Turkey, Opposing the Coup, Surviving Erdogan
On the night of Friday to Saturday, July 15-16, a fraction of the Turkish army attempted a military coup against the AKP government. It was a complete failure. The death toll is more than 290, including over 100 plotters, and 1,400 people were injured.
The plotters claim to defend ‘democracy and human rights’ was actually far from the truth. Gunfire and explosions rocked both Istanbul and Ankara through Friday night, as some sections of the army strafed the headquarters of Turkish intelligence and parliament in the capital. At one point it ordered state television to read out a statement declaring a nationwide curfew. They also tried to attack Erdogan in the resort town of Marmaris and had bombed places he had been at shortly after he left. Prime Minister Binali Yildirim was also directly targeted in Istanbul during the coup bid and narrowly escaped. Yet the coup plotters overestimated the support they would find within the military ranks. They were outside the chain of command, which the highest hierarchy has been domesticated by the regime for the past few years. That was the biggest handicap for the coup plotters. They were also grossly under-equipped to achieve their strategic objectives. Most probably that coup plotters appeared to have launched their attempt prematurely because they realized they were under surveillance. Deputy Prime Minister Mehmet Simsek said there had been periodic intelligence about a grouping within the military that could attempt “some sort of an uprising” and that the plan had been to remove them at an August meeting of the High Military Council (YAS), the top body overseeing the armed forces.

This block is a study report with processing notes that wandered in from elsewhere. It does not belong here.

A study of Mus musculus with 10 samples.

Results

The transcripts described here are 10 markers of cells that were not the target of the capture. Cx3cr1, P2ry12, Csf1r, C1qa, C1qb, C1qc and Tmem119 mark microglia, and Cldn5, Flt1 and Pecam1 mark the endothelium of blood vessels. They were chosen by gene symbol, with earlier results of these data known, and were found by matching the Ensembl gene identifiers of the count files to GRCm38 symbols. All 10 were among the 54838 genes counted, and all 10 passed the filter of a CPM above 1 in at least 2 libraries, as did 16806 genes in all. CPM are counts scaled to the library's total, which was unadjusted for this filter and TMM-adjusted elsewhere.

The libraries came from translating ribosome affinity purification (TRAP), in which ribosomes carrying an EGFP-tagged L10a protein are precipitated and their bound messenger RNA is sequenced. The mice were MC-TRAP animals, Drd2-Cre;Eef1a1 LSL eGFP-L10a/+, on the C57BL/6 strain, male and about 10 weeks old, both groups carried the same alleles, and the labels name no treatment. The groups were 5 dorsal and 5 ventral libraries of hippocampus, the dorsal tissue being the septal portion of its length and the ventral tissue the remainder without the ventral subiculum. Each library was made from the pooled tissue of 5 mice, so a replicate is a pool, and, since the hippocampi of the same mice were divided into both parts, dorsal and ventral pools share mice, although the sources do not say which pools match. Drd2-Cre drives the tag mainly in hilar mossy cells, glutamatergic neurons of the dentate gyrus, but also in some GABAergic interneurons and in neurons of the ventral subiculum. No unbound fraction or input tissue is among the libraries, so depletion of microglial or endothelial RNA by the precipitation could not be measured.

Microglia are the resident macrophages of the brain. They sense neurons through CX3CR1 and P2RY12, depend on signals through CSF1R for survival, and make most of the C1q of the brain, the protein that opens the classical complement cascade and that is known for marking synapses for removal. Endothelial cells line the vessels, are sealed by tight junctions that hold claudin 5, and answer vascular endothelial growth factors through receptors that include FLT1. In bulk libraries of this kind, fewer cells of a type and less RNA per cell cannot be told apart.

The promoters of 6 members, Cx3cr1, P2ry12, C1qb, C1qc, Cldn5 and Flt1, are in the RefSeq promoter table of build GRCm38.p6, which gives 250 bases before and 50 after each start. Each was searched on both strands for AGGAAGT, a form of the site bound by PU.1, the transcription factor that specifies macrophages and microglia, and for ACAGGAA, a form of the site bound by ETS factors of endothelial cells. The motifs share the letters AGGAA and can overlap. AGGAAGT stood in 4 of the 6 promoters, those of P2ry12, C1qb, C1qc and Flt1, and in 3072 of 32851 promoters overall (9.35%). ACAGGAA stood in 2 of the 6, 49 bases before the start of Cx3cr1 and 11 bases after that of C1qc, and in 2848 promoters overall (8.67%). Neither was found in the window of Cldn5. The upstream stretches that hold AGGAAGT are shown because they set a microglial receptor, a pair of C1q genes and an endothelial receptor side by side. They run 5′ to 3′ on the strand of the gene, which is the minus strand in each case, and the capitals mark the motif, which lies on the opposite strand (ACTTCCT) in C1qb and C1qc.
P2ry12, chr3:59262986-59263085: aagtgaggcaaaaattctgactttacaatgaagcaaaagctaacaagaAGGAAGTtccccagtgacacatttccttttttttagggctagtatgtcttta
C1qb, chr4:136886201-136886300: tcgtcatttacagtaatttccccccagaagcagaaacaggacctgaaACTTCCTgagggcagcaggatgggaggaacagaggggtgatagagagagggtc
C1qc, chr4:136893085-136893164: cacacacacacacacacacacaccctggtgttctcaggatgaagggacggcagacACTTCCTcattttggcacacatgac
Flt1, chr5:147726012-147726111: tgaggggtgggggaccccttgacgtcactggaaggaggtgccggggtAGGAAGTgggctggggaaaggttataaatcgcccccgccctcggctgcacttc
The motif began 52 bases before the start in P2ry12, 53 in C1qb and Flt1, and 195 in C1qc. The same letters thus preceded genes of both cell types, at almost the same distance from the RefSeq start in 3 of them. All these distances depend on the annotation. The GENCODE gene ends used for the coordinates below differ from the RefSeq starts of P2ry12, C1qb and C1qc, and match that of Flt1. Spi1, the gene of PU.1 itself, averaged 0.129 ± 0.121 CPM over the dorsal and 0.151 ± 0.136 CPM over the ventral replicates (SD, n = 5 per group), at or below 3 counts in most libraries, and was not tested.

They also underestimated Erdogan’s ability to rally his supporters to take to the streets and bringing them out in Istanbul, Ankara and elsewhere even as tanks took to the streets and jets screamed overhead. In addition, the plotters had no popular support of any kind among the population and the society and all parliamentarian parties opposed the coup, including the People’s Democratic Party (HDP) despite the severe and violent repression it suffered from the AKP government. It was also opposed by the leading business groups such as the representative of the leading factions of Turkish finance capital, the TÜSIAD.